M’colleague Eduardo reviewed the original, PC version of Evil Genius 2: World Domination back in March. He found it to be an enjoyable and entertaining management sim, which was sometimes a bit slow but had plenty to keep you engaged. At the end of November, the game finally arrived on consoles and I’ve recently been taking a look at the PS4 version. Management and RTS games have always had a troubled history on consoles owing to the quite restrictive controller limitations. Most games in this style require quite complicated interfaces with a wide variety of buttons, meaning mapping all of them onto a controller is an uphill struggle. I’m pleased to report that Evil Genius 2 has been ported successfully and despite the controls taking a little while to get used to, you are able to successfully manage your evil empire as successfully as ever.
Evil Genius 2 is a management game most reminiscent of older titles such as Dungeon Keeper, and newer games like Two Point Hospital. The first game was originally released in 2004 by the now defunct Elixir Studios, and the intellectual property was acquired by Rebellion (best known for the Sniper Elite series) in 2004. Playing as one of four James Bond-esque evil geniuses, you start your hidden lair with a casino as a cover operation, hire minions, construct buildings, create evil plots and so on. The gameplay is very standard for the style of game, allowing you to build rooms in your base, hire various staff to run your base and then attend to their needs. Standard minions are free to hire (and are presumably simply drawn to your sheer evilness), but have various needs such as food, somewhere to sleep, etc. You also need to keep your base secure with adequate security guards and features, as enemy agents will attempt to infiltrate and thwart your nefarious plans.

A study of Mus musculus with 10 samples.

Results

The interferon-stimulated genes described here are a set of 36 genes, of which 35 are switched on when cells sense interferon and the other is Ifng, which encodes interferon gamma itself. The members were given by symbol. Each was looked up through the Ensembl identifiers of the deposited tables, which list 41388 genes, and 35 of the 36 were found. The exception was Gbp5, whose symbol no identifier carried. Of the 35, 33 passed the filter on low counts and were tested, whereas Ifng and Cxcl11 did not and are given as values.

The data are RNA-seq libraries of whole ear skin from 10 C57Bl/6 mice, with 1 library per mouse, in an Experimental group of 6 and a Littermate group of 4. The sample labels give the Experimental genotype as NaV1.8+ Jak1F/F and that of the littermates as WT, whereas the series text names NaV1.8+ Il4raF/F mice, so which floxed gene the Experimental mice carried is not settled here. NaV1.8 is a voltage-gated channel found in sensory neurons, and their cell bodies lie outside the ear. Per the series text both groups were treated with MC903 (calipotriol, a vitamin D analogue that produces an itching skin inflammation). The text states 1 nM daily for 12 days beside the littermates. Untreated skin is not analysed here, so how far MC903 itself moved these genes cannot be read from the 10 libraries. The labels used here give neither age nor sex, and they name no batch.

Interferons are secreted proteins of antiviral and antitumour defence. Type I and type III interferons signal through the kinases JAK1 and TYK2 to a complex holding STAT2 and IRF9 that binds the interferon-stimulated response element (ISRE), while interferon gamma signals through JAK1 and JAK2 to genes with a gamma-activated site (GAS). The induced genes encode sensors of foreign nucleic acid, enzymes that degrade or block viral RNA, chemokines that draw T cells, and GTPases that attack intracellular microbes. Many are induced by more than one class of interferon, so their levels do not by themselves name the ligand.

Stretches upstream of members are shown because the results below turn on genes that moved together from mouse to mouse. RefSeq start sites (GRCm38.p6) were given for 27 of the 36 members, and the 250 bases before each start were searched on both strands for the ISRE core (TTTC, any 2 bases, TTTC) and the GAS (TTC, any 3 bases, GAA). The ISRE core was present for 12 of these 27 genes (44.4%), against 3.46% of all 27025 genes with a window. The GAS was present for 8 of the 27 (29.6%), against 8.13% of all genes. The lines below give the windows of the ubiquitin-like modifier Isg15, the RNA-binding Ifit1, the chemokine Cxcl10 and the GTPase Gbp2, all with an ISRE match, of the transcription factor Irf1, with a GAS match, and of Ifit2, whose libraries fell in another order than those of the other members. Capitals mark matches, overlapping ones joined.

On console, the controls have been adjusted and redesigned to allow you to access a lot of the same functions fairly smoothly. There are dedicated buttons to bring up the sub-menu and then navigate through it using the left-thumbstick, as well as a few shortcuts for commonly used areas such as the build menu. Constructing rooms is straightforward and you can drag the size of room you desire. One thing I did find a bit irritating is that you don’t know how large a room should be at a minimum, as some bits of machinery or room equipment are enormous and you’ll only find this out when you come to place the furniture. That said, going back and amending the size of the room is also very smooth, as none of your build options are committed until you close the menu. An option at the beginning allows you to pause time while you do this, which is very handy for meaning you aren’t missing other important events.
Rooms are hollowed out from the inside of your tropical island evil lair, meaning you will eventually run out of space. However, this is mitigated by the function of your lair having multiple floors, unlocked via research. This means that I never really felt constrained by not having enough space to build, and you can craft your lair to your heart’s content. Each supervillain has a special ability which they can deploy in order to buff nearby minions, and each also has unique missions which sometimes appear, allowing you to gather new henchpeople or create a new evil scheme. Captured enemy spies can also be interrogated for their information; indeed you can if you wish interrogate and murder your own minions, just to remind them of your supreme glory.
The game runs very smoothly and looks stylish on PS4, with no stutters as far as I can tell. The camera is fine to control and because nothing really moves particularly quickly, I never worried about missing a key mission objective because I was doing something else. The art style is very reminiscent of Two Point Hospital or Disney’s The Incredibles, with a kind of comic book-esque cartoony vibe. The humour is generally pretty standard and there wasn’t anything which generated proper laughs, just a few (evil) chuckles here and there. The music is great though, a bombastic assortment of James Bond inspired themes which invoke the atmosphere excellently.
Evil Genius 2: World Domination is certainly another management game, in that it doesn’t do anything which its predecessors haven’t already done before, playing it pretty safe. But as it manages to pull everything it attempts off without a hitch and also provides the pretty unique aesthetic of pretending to be a criminal mastermind, I’m happy to give credit where it is due. For lovers of management sims it’s an easy recommendation, and if you’re limited to only having access to consoles, it’s a good choice for experiencing this style of game in an approachable and streamlined way.